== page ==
API Equals Integrity
Alternate Perspectives Incorporated was built on the three values of Accountability, Performance, and Integrity (API). So what is integrity?
According to Elizabeth Perry, (https://www.betterup.com/blog/integrity-in-the-workplace#what-does-integrity) integrity means that you are honest, ethical, and follow defined moral principles. At API, and on our Job Corps Centers, it means employees take their commitments seriously, are proactive and ask questions when they don’t understand their responsibilities, and are accountable for their outcomes. As a result, the Center, the staff, the students, and the business thrive. Ms. Perry discusses seven traits that a person with integrity possesses. I have chosen the top four and modified them to Job Corps to “make it real.”
Valuing honesty and openness.
Let’s face it, it is not always easy to be honest and open, especially about mistakes. Some people go through life seeing how much they can get away with and not get caught. This is the opposite of integrity and does not meld with the API culture, New Orleans Center culture, or our Ottumwa Center culture. It does not provide a good workplace model for our students. At times, today’s political world and media seem to glorify the lack of integrity, but that is not the path to follow. Being honest and open allows you to live a fearless life and sleep every night without worries.
Taking responsibility and accountability for your actions, good and bad.
This is relatively simple. It just means taking blame out of your vocabulary and knowing how, where, and when you should act. Moliere said, “It’s not only what we do, but also what we do not do for which we are accountable.” As an API Job Corps staff member, we need to ask ourselves daily: Is what I am doing harming or helping students? Can I do something different that would increase our students' retention and make Job Corps a great experience for them (within the Job Corps rules)? How can I say yes? It is that simple?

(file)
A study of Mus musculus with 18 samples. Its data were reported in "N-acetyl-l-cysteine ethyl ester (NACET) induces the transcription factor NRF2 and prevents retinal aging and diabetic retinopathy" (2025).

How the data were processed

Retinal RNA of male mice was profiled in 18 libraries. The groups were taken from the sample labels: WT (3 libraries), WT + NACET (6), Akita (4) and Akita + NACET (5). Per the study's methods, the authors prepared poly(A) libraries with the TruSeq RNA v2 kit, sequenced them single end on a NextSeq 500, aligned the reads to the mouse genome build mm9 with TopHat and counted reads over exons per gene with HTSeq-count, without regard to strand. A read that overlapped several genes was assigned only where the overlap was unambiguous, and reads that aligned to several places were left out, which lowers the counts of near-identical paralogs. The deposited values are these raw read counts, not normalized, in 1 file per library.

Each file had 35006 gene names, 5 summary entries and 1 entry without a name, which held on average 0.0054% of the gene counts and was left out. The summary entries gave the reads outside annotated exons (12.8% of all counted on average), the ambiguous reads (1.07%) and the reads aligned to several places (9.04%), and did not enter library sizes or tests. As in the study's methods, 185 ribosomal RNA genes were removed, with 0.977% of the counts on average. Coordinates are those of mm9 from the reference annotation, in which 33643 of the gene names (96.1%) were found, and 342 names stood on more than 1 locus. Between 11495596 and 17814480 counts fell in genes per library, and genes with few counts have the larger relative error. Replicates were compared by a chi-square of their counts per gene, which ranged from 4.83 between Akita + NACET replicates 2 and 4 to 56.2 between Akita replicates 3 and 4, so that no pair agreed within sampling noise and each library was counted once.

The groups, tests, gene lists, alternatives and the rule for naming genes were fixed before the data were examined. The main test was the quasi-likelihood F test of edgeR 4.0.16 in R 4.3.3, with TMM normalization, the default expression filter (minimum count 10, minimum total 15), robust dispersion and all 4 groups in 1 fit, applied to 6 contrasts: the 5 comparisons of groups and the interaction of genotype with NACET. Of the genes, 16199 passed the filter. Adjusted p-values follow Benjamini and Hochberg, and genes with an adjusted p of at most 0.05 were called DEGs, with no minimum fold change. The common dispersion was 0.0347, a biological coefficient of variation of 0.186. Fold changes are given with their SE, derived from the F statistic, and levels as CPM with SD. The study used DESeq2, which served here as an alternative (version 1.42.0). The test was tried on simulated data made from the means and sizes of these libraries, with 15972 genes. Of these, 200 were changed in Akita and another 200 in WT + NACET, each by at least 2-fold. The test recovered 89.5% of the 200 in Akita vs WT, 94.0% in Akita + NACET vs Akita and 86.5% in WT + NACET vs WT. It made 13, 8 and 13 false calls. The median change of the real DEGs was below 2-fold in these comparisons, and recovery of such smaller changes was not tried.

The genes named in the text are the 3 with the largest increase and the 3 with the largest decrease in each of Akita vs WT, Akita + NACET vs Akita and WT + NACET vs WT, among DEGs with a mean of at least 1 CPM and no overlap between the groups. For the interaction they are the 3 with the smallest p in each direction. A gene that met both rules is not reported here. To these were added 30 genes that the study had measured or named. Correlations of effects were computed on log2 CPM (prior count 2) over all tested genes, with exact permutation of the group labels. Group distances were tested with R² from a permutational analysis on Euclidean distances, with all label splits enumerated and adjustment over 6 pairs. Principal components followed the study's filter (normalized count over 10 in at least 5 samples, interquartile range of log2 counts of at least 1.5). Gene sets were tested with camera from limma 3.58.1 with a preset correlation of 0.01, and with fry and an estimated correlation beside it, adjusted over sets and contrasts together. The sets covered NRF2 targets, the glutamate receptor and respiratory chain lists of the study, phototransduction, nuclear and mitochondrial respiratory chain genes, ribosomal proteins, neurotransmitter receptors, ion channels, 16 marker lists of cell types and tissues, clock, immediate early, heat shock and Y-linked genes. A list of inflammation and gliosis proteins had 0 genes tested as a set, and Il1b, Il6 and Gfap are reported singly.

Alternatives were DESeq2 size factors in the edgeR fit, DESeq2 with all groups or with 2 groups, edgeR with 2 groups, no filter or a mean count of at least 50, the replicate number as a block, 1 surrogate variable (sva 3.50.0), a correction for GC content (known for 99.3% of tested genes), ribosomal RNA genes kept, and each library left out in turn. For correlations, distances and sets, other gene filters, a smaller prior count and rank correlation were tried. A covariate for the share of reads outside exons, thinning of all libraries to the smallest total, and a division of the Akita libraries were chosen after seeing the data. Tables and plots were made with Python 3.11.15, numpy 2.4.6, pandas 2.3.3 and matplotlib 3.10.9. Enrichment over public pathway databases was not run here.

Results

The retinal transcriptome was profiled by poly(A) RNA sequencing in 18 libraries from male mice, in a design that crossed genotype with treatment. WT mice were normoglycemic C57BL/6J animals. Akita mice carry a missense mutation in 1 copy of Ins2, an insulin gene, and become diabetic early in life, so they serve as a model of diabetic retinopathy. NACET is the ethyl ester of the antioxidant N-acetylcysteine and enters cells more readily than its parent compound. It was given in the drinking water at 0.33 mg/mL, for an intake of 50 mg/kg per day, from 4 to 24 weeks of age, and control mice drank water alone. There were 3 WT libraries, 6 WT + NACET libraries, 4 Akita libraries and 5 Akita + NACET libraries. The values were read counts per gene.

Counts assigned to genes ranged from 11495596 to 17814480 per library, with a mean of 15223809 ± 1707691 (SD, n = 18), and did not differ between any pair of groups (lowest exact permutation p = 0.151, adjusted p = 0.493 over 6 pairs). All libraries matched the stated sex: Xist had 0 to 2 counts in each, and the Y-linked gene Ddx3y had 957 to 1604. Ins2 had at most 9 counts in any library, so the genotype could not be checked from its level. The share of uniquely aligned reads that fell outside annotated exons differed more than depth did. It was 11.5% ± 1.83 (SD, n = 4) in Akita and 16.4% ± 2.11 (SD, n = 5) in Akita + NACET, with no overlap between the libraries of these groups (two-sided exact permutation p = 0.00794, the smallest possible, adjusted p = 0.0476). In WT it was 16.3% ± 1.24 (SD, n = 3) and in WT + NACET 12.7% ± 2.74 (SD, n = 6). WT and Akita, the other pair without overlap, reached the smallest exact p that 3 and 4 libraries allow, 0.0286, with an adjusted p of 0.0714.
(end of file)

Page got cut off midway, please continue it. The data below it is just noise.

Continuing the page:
Respecting yourself and others around you no matter where you are.
Often times we may not realize we are acting disrespectfully. If we practice the following behaviors, others (fellow colleagues or students) will feel respected.
Listen to what others have to say before expressing your viewpoint. Let others speak before you join in.
Refuse to insult, ignore, or put down people or their ideas. If you do, say you are sorry and mean it.
Be aware of your body language, tone of voice, and your words. Most of our communication is transmitted in our body language and tone. Read that angry email a few times before you send it. Email is a great tool, but it is not to be used for difficult conversations.
Improve your emotional intelligence. This will help you to relate with empathy, understand your coworkers and our students, and improve your relationships with both.
Treat everyone fairly. Treating people differently can create a hostile culture. It just isn’t the right thing to do.
Practice and encourage praise. It costs nothing and means everything.
Demonstrating reliability and trustworthiness.
According to author Patrick Lencioni, (The Five Dysfunctions of a Team), trust is the foundation of all relationships and critical for all teams. We know that once trust is broken, it is very difficult to rebuild. Trust is the firm belief in the reliability, truth, ability, or strength of someone or something. Ask yourself daily if you are demonstrating the behaviors that instill trust. Ask others if they trust you and work continually to gain and maintain trust.
Please remember that Alternate Perspectives Incorporated was built on the three values of Accountability, Performance, and Integrity (API). It is more than an expectation; it is essential to the culture that we are building together.